He's working on his tenth novel -- yes, that's right, tenth -- so I figured he'd be just the person to talk to about my creativity struggles.
His advice as to approaching the creative process was surprisingly like the advice we MSers get regarding interaction with the physical world.
- Yeah, you used to do [fill in the blank], but right now, you don't. You do something different. But even though you're used to doing things the old way, it doesn't mean that the new way has less value. That was then, this is now. This is what Eric Small said to a class of his I attended: Do the best you can with what you have. Very clearly implied was "not with what you used to have or what you wish you had."
- Use what works, not what you think you're "supposed" to do. If, for example, sitting in front of the computer is draining, don't sit there. A notebook in the pocket enables creativity in the absence of technology, and has many, many other advantages.
- Create something. Doesn't matter whether it's "good." It may not be good now, it may not be good for what you're hoping to do, but who knows? It may be good later. And, at worst, it keeps you "in motion," because (as Newton told us) objects at rest tend to remain at rest, but objects in motion tend to remain in motion.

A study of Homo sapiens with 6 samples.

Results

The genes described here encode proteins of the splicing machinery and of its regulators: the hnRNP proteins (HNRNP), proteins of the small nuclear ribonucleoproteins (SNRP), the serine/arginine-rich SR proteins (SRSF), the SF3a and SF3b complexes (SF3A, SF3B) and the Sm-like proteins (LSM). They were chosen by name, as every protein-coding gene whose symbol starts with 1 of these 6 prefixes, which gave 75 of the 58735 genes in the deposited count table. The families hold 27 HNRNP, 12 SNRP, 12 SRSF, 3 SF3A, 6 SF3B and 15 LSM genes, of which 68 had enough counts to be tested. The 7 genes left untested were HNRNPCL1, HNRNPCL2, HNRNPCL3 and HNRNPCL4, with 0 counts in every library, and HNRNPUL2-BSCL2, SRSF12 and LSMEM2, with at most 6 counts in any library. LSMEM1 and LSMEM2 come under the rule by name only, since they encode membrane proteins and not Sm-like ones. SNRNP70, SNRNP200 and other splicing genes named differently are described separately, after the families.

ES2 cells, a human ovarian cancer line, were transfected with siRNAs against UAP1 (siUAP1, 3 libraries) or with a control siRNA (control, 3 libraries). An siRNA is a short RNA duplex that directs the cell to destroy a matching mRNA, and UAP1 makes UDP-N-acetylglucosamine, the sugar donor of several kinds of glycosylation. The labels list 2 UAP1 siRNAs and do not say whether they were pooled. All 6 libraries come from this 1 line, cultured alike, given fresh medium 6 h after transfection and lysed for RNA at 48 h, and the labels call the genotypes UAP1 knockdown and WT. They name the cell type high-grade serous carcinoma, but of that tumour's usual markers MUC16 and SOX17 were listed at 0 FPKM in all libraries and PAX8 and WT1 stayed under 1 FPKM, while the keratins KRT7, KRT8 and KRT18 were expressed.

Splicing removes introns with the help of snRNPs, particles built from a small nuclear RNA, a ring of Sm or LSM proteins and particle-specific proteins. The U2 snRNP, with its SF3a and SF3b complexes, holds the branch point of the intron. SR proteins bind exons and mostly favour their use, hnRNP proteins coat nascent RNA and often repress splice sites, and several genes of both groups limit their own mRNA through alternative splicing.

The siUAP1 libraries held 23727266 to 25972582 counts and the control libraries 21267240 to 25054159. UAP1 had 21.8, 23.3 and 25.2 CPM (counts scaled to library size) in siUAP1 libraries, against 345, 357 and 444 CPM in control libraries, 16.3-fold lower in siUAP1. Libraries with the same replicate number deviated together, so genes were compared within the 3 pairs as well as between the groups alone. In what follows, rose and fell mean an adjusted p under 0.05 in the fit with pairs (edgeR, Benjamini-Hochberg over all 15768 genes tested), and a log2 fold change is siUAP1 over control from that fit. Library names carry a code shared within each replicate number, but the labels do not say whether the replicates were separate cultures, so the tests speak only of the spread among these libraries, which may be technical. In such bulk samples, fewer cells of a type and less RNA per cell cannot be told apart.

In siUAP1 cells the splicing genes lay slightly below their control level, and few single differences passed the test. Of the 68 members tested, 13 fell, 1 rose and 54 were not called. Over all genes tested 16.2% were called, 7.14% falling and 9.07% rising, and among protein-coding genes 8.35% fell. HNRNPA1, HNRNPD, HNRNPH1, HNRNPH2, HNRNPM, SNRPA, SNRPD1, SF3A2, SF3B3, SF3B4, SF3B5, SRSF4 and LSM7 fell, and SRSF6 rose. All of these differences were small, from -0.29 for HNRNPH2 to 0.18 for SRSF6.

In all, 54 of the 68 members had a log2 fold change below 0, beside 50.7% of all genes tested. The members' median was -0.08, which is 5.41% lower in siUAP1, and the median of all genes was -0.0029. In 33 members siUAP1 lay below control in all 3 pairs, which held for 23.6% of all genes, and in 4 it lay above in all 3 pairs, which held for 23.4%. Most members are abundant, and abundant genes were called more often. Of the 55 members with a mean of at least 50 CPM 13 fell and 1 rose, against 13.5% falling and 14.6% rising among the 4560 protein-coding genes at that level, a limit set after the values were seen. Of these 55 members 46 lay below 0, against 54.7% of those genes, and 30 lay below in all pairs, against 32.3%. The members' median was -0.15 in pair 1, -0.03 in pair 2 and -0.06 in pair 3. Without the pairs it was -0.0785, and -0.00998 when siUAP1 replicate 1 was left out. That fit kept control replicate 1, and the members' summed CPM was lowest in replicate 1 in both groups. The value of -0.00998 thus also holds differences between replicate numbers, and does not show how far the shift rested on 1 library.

- Do your work during the time of day you work well. He said that a good hour during the time of day when he was at his best was worth a great deal "Ten hours would of course be good too," he smirked, "but one is worth it." This hearkens back to what my kyudo teacher said that his first kyudo teacher told him: "One hour of practice is one hour of practice."
- Ask yourself "What do you want?" Then ask yourself, "What do you really want?" Then ask yourself, "No, really... what do you really, really want?" Shallow goals aren't worth fighting for (so let's take them off the table as quickly as possible) and you never want to hang your hat on the method as the goal. "I want to do X in this way"... well, if "this way" isn't available to you, it's no wonder the goal eludes you.
So, the question of course now is... now that I've been reminded of how to walk the path, am I willing to walk it--even if "walking" isn't the same sort of locomotion that I've been used to for so many years?
(No wonder that the simple act of "walking" the MS road is so challenging in so many ways... the path is littered with metaphors. Ankle-deep.)